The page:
A first-time visitor to a private home in Israel might not know how to respond to the somewhat unexpected first words a host may utter: "Kar o Cham" (hot or cold)?
What is the host asking? They want to know whether the drink that they will assuredly be providing should be a hot drink or a cold drink. In the somewhat typical - and, yes, somewhat aggressive - Israeli fashion, the absolute assumption is made that the visitor will accept the offer of hospitality. Thus, the first greeting/question seeks to ascertain what, exactly, the visitor will be having.
Let's contrast this greeting with what is a more typical conversation here in the United States. More often than not, a host here asks, "Can I get you something?" The "polite" answer, of course is to refuse with some version of "Nothing, I'm fine... Really." The results of this all-to-frequent refusal are two-fold. First, the guests - even if they truly are hungry or thirsty - do not have their needs met; we are conditioned not to ask. And, the host, again by this misguided convention of "politeness," is denied the opportunity to show hospitality at the beginning of a visit, that very moment when we want to make a good impression.
On the surface, one might ascribe this variation in our cultures to simple differences in our respective weather patterns. A hotter climate in the Middle East, indeed, has produced a populace more accustomed to drinking (and eating) on a regular basis throughout the day, especially when coming to a place of rest. But, I suggest that it is more than that. I think that the level of hospitality in Israel comes from a culture where hospitality - for both the giver and receiver - has a higher value, something worth emulating. The "polite" refusal that we Americans typically offer would be taken as standoffishness by an Israeli; to refuse to be served is to insult the host. And not to offer something to a visitor - that would be unheard of!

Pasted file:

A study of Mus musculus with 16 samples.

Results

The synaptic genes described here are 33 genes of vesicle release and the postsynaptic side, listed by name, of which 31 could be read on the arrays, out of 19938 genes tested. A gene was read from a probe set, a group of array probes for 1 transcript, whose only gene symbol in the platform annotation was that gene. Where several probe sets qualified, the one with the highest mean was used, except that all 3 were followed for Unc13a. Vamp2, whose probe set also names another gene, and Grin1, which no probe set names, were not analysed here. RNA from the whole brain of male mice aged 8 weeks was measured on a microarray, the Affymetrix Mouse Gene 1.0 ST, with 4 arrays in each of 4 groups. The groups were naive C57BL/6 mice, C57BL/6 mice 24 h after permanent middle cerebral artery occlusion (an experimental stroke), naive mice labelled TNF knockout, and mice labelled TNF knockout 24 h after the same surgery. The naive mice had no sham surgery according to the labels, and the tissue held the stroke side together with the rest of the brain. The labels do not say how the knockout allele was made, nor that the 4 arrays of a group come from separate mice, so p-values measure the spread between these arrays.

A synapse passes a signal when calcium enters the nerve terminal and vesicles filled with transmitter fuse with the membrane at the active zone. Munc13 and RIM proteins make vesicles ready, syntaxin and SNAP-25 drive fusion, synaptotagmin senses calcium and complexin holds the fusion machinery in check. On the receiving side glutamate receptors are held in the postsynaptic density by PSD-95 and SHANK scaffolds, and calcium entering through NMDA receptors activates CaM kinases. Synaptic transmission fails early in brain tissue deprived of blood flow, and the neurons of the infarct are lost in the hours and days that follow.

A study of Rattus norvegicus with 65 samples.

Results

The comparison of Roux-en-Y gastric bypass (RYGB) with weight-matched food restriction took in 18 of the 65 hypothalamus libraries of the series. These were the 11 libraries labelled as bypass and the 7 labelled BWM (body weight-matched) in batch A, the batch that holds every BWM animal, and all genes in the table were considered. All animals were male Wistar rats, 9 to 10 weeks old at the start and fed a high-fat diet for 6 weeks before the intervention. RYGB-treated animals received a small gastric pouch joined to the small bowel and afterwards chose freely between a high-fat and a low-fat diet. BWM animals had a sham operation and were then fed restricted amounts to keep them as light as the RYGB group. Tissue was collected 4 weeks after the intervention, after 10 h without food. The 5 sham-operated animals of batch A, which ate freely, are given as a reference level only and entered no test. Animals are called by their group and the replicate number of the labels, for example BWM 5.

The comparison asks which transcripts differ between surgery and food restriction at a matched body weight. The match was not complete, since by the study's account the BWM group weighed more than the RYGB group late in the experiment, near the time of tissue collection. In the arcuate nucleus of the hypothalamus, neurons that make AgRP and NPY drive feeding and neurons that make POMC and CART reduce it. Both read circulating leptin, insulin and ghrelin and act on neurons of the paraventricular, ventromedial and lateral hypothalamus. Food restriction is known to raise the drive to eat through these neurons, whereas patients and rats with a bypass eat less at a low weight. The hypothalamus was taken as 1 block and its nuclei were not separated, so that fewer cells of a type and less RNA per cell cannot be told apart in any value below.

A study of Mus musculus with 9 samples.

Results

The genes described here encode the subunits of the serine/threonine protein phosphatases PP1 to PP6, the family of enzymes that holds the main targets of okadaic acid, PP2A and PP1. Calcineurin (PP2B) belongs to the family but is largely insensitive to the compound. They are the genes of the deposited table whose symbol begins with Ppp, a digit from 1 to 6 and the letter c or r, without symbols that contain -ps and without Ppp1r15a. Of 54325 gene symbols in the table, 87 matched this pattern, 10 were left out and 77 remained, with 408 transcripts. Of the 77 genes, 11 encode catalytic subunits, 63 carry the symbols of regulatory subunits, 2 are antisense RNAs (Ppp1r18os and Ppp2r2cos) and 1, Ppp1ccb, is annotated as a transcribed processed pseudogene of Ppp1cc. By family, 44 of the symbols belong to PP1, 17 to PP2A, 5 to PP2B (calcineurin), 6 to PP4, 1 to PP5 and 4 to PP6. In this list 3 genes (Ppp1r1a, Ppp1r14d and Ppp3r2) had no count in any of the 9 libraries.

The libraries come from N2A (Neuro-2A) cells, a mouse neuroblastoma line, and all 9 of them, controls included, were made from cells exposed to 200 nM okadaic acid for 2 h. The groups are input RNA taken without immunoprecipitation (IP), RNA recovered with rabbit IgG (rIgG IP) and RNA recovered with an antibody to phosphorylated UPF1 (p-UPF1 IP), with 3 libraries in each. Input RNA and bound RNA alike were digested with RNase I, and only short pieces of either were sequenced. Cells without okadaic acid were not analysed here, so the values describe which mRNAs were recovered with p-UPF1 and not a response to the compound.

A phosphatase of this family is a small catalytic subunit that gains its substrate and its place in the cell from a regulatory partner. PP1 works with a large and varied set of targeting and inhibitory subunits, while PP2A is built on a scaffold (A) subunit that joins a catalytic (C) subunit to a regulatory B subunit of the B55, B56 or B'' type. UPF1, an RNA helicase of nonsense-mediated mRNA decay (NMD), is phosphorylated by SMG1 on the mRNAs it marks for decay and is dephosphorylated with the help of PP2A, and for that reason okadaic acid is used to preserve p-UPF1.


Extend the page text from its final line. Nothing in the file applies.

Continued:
The Torah portion, Vayera, includes the famous story of Abraham extending hospitality - bringing the choicest of flour and meat - to his three unexpected visitors. We see a similar story in the Haftarah. The Prophet Elisha regularly visited the town of Shunem, in today's Lower Galilee. On each visit he is invited in by a wealthy woman, le'echol lechem, to eat a meal. Eventually, this woman extended the hospitality to include a well-appointed room where Elisha could stay each time he passed through town. Both Abraham, in Genesis, and this Shunemite woman, in the Book of Kings, had their hospitality acknowledged with the greatest of rewards - children, born after a period of infertility in their respective families. The Torah and the Haftarah remind the reader that simply being hospitable can lead to the greatest of rewards.
I vividly recall the first Arabic phrase that I was ever taught - "Ahalan wa sahalan," ("my tent is your tent)," a phrase of welcome and demonstration of hospitality. Israelis and their neighbors in the Middle East can teach those of us here a lesson - that hospitality, for both the giver and the receiver, can jumpstart a relationship.
By the way - my answer to "Kar o Cham" is usually "Cham te eem nanna," tea with the mint leaves found in a typical Israeli garden.
Rabbi Eytan Hammerman, serves Temple Beth Shalom in Mahopac, NY.